In Brief
  • Using an argon-based plasma (instead of hydrogen, deuterium, or helium), researchers have more easily produced the conditions necessary for collisional magnetic reconnection.
  • An improved understanding of this phenomenon could allow us to better predict storms in space, explain astrophysical phenomena, and even reach breakthroughs in nuclear fusion.

Improving the Process

Plasma is a hot, ionized gas that makes up 99.9 percent of all observable matter in the universe. Within a highly conductive plasma are magnetic field lines that can join each other, break apart, and come together again. Like the breaking of a molecular bond, this phenomenon, called magnetic reconnection, releases massive amounts of energy.

During magnetic reconnection, the magnetic field energy is converted into both kinetic and thermal energy. The phenomenon usually occurs in thin sheets of plasma, where an electric current would be most concentrated, and it is responsible for natural occurrences like solar flares, the northern lights, and gamma-ray bursts in outer space.

Magnetic reconnection occurs in the observable universe much faster than should theoretically be possible. To account for this, researchers have hypothesized that plasmoid instability is at play during collisional magnetic reconnection. These instabilities would break apart plasma sheets into magnetic bubbles (plasmoids) that could then account for very quick magnetic reconnection.

Credit: ChamouJacoN/Wikimedia
Credit: ChamouJacoN/Wikimedia

Until August of 2016, plasmoid instabilities had only been observed in collisionless plasma (plasma in which collisions are negligible, like that present in Earth’s upper atmosphere). Plasmoid instabilities in collisional plasma (plasma with frequent collisions, like that present in outer space) had previously only been indirectly observed through telescopes, spectroscopes, and fusion facilities. Through the analysis of light, it was clear that plasmoid instabilities could be occurring, but scientists still did not have direct evidence.

However, in a paper published in the August 2016 issue of Physical Review Letters, physicists from the Princeton Plasma Physics Laboratory (PPPL) reported that they were able to directly observe plasmoid instabilities in collisional plasma in a laboratory setting. That research, which was funded by the United States Department of Energy (DOE) and the Heliophysics Division at NASA, allowed physicists to confirm the existence of plasmoid instabilities on the electron scale.

Now, the research team has used a Magnetic Reconnection Experiment (MRX) and an argon-based plasma — as opposed to the hydrogen, deuterium, or helium plasmas used previously — to more easily produce the conditions necessary for collisional reconnection. This expansion on the research allows scientists even better access to the interactions that typically take place only in the deep reaches of outer space and on the surfaces of stars.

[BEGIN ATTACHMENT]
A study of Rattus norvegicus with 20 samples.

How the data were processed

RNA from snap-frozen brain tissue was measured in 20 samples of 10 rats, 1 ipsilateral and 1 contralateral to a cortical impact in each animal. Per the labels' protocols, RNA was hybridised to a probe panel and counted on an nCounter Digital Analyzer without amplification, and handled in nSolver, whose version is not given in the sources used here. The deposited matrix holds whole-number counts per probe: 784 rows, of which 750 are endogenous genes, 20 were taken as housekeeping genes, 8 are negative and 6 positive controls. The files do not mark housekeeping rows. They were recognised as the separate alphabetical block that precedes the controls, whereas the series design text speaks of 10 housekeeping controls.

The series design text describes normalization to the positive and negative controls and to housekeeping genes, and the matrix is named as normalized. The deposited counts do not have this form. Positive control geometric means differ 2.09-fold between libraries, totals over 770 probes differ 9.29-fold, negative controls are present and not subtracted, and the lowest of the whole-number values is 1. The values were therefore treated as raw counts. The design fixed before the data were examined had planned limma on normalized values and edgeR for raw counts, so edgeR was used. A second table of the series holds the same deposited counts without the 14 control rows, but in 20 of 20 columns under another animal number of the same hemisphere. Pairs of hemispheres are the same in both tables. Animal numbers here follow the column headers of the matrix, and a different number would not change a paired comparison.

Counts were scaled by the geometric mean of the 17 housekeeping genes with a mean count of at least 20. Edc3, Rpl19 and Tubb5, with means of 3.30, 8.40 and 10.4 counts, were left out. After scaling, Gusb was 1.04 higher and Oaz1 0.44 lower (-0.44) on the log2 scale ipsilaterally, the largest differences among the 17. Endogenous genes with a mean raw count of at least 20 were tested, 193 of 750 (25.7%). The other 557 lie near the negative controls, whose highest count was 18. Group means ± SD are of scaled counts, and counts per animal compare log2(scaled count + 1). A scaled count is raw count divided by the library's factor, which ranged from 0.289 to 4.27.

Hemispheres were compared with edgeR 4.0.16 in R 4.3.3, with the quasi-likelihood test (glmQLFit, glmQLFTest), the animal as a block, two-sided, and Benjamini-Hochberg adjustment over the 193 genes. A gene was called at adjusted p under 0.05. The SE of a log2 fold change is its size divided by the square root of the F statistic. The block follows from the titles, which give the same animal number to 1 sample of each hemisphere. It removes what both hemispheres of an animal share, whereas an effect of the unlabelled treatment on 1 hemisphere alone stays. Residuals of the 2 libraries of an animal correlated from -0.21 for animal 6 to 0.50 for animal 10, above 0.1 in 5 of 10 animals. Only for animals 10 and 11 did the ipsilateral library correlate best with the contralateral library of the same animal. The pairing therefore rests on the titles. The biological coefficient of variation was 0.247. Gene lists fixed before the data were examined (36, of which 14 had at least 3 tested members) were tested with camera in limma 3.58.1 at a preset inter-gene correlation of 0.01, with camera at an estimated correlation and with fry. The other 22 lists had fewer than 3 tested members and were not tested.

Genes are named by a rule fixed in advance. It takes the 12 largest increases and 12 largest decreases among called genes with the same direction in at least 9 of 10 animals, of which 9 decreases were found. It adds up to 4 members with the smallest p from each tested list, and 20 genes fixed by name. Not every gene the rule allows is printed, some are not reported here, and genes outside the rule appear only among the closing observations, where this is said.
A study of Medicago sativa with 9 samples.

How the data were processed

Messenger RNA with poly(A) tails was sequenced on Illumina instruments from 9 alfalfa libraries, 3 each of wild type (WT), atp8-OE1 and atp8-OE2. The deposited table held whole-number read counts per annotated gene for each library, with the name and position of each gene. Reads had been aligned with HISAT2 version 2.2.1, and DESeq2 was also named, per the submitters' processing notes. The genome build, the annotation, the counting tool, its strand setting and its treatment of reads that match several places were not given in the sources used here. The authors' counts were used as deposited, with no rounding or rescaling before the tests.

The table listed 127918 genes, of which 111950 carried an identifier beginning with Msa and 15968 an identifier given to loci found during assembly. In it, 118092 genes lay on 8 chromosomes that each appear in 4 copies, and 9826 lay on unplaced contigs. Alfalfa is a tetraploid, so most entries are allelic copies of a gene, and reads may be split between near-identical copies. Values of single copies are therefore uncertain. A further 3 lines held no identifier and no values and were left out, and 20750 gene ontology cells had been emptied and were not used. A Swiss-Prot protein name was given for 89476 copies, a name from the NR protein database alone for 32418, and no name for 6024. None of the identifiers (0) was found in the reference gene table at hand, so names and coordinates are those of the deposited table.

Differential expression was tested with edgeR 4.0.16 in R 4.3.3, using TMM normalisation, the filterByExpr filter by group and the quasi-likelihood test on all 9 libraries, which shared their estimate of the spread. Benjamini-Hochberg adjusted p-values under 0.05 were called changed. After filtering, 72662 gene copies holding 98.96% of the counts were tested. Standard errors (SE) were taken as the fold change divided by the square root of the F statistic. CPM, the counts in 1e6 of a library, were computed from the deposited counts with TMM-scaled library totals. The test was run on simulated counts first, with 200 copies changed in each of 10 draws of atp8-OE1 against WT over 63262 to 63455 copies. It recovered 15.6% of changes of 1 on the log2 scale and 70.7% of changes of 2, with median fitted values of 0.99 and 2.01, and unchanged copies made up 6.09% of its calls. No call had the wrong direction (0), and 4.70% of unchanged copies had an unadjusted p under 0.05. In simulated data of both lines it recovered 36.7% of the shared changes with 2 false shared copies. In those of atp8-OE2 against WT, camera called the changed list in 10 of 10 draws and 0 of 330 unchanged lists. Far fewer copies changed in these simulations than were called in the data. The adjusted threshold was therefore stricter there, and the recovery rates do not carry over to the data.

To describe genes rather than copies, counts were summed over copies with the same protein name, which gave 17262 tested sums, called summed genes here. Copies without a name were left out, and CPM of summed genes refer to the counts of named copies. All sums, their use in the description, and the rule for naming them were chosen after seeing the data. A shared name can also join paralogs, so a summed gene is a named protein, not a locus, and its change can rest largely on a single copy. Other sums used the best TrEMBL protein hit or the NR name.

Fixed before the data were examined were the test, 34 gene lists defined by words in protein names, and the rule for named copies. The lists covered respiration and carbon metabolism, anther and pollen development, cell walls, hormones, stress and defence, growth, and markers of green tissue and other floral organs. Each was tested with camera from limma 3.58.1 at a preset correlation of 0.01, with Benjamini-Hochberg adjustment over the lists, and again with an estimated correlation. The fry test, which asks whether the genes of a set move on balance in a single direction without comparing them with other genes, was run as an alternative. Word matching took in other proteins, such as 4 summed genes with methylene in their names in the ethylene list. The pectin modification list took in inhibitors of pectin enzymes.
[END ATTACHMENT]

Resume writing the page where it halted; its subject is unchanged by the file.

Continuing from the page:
As stated by Hantao Ji, a distinguished fellow at PPPL who co-authored the report and works as a professor at Princeton University’s Department of Astrophysical Sciences, “Scientists have long had difficulty studying these plasmas because it’s hard to create the necessary conditions on Earth, and we can’t just stick probes directly into stars. Now we have a glimpse into their workings.”

PPPL physicist Hantao Ji with the MRX. Photo Credit: Elle Starkman
PPPL physicist Hantao Ji with the MRX. Photo Credit: Elle Starkman

Universal Insights

These findings are more than just interesting literature. Magnetic reconnection can cause large bits of plasma to shoot off of the surface of the Sun and interact with Earth, a phenomenon known as Coronal Mass Ejections (CMEs). The shock wave of the mass of particles traveling from a CME can cause geomagnetic storms that can interfere with Earth’s magnetosphere and even go so far as to cause widespread electrical blackouts.

Fully understanding magnetic reconnection and how plasmoid instabilities affect it could allow us to better predict storms in space, explain astrophysical phenomena, and even improve our ability to confine plasma in tokamaks (doughnut-shaped magnetic devices). Since magnetic fields are used to confine plasma within a tokamak, fully understanding how those lines might break apart and reconnect is essential if we want to harness nuclear fusion as an energy source.

Nuclear fission currently accounts for just a small percentage of the energy that is consumed on Earth, and it is not entirely reliable or safe as a longterm energy solution. Nuclear fusion, on the other hand, offers a possible solution to our current energy crisis, providing almost unlimited sustainable energy without producing greenhouse gasses or dangerous radioactive materials. This scientific breakthrough could truly revolutionize our relationship with energy as the global population continues to increase and fossil fuels continue to challenge our future existence on this planet.